Photo Credit: Hollywood Pantages
- “Hamilton” is about Alexander Hamilton.
- “Hamilton” is not about Alexander Hamilton.
- Alexander Hamilton was
a. a founding father
b. a federalist
c. a leader in establishing the national bank system
- Hamilton and was born in the Caribbean, and he and his comrade/rival Aaron Burr were orphaned at a young age
- “Hamilton” is really about Aaron Burr
That’s the short of it. “Hamilton” is a masculine story of achievement and rivalry. However, what makes “Hamilton” so truly important and deeply American is not the unique retelling about our founding fathers, or the narrow scope on Hamilton’s life, or the competition between Hamilton and Burr. What makes “Hamilton” a monumental work is the juxtaposition between the white-washed history of men in charge and the diverse America of 2017. Thomas Jefferson, a slave owner, is played by a black man. So is Aaron Burr, arguably the main character of the drama. Many of the soldiers are played women, and many are women of color. Lafayette was a French aristocrat and military officer, here played by a black man, and as an audience we are struck by the regality of this character, emphasized by the over-confidence that comes with youth and power. The magnitude of the casting is this: when all of the important people in history are straight, white men, we are reinforcing the idea that the important people in the world are straight, white men. That is not true, and to make this story relevant and interesting and empowering for everyone, we need to see the faces of everyone.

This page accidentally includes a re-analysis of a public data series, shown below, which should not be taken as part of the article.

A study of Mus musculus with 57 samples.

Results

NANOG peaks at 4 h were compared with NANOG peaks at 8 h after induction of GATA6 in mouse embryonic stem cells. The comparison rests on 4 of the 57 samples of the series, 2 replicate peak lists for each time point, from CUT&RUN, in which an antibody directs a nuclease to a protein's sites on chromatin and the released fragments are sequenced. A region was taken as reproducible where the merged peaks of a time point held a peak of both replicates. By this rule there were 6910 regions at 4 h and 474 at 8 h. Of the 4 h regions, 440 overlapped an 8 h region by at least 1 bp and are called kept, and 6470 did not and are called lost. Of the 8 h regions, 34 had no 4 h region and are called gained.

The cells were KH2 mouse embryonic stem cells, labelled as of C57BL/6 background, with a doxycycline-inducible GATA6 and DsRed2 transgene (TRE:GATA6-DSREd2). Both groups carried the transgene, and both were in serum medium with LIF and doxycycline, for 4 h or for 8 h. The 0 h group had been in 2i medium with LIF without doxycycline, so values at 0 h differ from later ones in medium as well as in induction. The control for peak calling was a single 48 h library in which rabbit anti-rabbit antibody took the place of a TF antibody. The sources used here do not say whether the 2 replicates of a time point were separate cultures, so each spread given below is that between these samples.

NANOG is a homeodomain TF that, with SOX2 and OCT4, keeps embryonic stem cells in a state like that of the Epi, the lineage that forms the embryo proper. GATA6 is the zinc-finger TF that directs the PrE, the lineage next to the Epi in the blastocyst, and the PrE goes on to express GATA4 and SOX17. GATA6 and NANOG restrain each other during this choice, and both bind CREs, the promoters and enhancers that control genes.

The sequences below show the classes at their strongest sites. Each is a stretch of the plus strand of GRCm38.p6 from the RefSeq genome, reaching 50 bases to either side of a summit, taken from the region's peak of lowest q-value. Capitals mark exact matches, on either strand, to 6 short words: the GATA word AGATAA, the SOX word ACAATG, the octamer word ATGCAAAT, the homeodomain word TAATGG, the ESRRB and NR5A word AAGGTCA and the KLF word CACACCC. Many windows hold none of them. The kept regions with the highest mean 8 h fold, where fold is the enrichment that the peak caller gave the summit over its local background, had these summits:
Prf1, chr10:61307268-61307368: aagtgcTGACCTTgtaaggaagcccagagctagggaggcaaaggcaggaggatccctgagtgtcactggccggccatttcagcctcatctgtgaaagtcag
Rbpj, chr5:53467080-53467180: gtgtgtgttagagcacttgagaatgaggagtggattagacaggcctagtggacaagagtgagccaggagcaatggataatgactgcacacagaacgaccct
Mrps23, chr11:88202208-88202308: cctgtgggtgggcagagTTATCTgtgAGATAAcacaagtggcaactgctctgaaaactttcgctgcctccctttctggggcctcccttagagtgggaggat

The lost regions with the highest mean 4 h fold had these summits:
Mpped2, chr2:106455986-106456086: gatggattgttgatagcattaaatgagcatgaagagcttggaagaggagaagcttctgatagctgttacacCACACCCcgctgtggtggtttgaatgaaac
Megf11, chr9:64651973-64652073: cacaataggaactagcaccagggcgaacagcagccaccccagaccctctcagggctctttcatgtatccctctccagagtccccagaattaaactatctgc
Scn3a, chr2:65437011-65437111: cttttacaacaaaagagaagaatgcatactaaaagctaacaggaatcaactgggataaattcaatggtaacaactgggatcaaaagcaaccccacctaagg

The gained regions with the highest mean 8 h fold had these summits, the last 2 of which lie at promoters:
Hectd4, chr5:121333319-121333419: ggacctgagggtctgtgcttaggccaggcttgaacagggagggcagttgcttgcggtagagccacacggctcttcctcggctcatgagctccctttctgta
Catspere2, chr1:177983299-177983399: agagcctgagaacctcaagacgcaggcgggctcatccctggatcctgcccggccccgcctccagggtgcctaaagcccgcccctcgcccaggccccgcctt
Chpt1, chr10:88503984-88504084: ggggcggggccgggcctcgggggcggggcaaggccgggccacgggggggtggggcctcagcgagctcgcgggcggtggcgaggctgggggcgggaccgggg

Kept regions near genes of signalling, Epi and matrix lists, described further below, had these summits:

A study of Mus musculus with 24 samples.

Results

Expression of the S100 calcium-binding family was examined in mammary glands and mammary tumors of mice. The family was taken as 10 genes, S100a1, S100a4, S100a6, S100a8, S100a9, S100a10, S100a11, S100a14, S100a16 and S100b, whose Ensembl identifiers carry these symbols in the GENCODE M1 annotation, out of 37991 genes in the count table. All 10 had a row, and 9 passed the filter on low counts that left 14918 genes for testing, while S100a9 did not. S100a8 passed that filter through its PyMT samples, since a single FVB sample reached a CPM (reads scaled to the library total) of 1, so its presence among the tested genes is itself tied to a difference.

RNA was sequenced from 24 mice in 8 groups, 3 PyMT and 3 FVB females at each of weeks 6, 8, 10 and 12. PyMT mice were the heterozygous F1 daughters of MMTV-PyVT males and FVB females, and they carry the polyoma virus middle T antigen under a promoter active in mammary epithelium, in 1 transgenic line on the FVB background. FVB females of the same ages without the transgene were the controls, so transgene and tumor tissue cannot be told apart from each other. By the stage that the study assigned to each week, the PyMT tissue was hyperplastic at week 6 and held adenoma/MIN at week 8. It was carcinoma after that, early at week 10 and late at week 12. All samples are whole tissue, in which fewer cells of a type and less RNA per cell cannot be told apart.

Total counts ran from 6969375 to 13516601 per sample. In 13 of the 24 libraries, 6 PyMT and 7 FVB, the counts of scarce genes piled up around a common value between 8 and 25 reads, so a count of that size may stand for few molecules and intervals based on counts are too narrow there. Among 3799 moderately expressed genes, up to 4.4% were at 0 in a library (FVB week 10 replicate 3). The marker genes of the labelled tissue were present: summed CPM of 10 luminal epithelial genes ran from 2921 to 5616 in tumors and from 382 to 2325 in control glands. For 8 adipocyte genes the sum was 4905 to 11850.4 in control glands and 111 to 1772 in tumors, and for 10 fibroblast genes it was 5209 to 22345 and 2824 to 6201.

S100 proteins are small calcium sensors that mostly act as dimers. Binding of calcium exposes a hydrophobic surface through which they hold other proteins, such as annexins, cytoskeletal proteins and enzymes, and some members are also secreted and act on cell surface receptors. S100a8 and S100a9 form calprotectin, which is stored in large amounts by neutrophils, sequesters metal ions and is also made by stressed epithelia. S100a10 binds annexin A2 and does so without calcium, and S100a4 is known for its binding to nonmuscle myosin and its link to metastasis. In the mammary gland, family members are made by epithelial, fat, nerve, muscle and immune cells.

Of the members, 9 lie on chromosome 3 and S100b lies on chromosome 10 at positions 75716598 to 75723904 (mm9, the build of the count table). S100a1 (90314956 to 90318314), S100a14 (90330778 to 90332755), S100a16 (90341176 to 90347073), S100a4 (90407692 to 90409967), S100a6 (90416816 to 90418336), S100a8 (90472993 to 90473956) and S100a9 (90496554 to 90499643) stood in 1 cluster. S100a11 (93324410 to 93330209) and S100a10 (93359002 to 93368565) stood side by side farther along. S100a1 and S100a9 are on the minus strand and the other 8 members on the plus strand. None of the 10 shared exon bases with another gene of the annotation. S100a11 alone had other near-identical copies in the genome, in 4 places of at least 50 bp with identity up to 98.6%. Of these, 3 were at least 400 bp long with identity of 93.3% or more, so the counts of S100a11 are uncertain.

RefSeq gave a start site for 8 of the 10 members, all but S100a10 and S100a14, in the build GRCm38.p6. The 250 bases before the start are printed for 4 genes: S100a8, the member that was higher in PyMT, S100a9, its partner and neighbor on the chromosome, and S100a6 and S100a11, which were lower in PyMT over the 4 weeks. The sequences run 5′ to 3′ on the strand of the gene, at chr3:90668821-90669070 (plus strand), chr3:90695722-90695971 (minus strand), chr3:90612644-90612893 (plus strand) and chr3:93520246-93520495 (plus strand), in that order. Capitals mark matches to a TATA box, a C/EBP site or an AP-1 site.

If you have any way to see the show in Chicago, DO IT. The cast was incredible. My boyfriend and I are both musicians, and we were FLOORED by how perfectly this performance was executed. If you want insight to the plot of the musical, definitely watch the drunk history episode with Lin-Manuel Miranda (Questlove makes an appearance?!). We were so glad we did, it was a much-needed supplement to our limited knowledge about the Revolutionary War.